Mark Hulbert: Two lessons from Lehman Brothers’ 2008 collapse can save your investments


September marks one of the most important anniversaries for investors who want to learn the lessons of history. Unfortunately, I doubt this anniversary will receive much notice.

I’m referring to the September 2008 bankruptcy of Lehman Brothers, which up until then had been the nation’s 4th-largest investment bank. Its bankruptcy was the largest in U.S. history.

Those of you with good memories will recall how momentous that bankruptcy was. In its wake, several prominent money-market funds began “breaking the buck,” which had never happened before. That meant that the funds were unable to maintain their net asset value and began selling for less than $1 per share. Many industries came to a virtual standstill as liquidity dried up literally overnight.

Not surprisingly, the stock market plunged: The Dow Jones Industrial Average DJIA, +1.01%  shed 25% over the next 30 days — one-quarter of its value in just four weeks.

Think about that for a minute. If a similar drop were to occur now, the Dow would shed around 6,500 points between now and at the end of September, bringing it to around the 19,500 level.

The first investment lesson you should draw from this anniversary: A drop of such magnitude could happen at any time. This lesson is quite important, because the risk of such a big drop in a short period of a time is an inevitable feature of the stock market. That’s what market risk entails.

If you can’t stomach that much risk, then you should reduce your equity exposure to whatever your tolerance level is. And the market being at or near all-time highs is a good opportunity to reduce exposure.

The second investment lesson I draw from the anniversary applies to those of you who think that you can sidestep any such decline. My decades-long performance tracking of stock market timers gives me little confidence that you will succeed.

Consider the stock-market timers I monitor who sported the best track records going into September 2008. On average, they had far higher equity exposure levels that month than those with the worst records — despite the market being on the verge of going over a cliff. As you can see from the accompanying chart, this conclusion applies regardless of whether you measure performance over as short a period as the trailing five years to as long as the trailing 20 years.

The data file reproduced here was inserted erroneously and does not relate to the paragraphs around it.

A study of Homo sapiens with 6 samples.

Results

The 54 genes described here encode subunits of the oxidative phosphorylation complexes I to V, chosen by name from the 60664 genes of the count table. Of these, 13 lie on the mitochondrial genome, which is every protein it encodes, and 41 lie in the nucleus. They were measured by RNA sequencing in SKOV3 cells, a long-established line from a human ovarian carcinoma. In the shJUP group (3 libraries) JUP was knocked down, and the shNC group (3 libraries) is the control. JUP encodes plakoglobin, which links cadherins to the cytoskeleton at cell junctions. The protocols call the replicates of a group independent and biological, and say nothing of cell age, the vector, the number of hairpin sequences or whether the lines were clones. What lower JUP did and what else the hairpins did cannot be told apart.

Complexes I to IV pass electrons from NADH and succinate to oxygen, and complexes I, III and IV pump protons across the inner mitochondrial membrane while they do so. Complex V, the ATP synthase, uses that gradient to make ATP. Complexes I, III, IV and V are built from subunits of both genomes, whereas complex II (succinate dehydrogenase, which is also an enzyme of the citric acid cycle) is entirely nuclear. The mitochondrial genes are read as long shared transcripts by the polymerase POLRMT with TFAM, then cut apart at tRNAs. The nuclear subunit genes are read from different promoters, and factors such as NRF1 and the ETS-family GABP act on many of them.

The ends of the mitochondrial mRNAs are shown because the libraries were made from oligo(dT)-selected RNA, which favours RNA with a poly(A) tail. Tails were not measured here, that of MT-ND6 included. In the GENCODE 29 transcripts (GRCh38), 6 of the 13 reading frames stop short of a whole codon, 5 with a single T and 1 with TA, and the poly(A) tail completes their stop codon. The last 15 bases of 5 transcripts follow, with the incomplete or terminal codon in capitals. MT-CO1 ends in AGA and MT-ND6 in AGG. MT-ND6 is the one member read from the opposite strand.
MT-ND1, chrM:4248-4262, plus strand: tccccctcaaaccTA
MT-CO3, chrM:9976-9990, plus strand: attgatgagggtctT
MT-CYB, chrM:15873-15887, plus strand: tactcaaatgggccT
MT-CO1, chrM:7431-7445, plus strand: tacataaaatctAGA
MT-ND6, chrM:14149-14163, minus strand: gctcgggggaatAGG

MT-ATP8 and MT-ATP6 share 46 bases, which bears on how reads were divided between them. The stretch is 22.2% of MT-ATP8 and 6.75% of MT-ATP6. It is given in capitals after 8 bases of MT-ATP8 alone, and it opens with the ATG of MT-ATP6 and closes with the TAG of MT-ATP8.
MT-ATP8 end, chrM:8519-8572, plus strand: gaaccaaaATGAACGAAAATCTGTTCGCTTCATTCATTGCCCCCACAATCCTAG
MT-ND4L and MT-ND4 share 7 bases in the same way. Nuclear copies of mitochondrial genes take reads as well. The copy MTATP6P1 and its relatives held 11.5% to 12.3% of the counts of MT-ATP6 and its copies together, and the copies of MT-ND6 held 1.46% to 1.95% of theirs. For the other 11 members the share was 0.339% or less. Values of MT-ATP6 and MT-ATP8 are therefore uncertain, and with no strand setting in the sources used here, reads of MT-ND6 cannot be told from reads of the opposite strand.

In other words, you could have done everything right going into September 2008 and still lost a huge amount of money — more, even, than those who did everything wrong. Even if you had chosen your stock-market timer on the basis of a market-beating approach over the long term, for example, chances are good that you nevertheless would have lost more money than the followers of other market timers with terrible long-term records.

No good deed goes unpunished, does it?

These two investment lessons would be important to draw at any time, but especially now in what most would agree are the latter stages of this bull market. It’s times like these when investors naturally gravitate towards the greed end of the fear-versus-greed spectrum, in the process losing a healthy sense of respect for the stock market’s inherent risk. It’s not too late to show that respect.

For more information, including descriptions of the Hulbert Sentiment Indices, go to The Hulbert Financial Digest or email . Create an email alert for Mark Hulbert’s MarketWatch columns here (requires sign-in).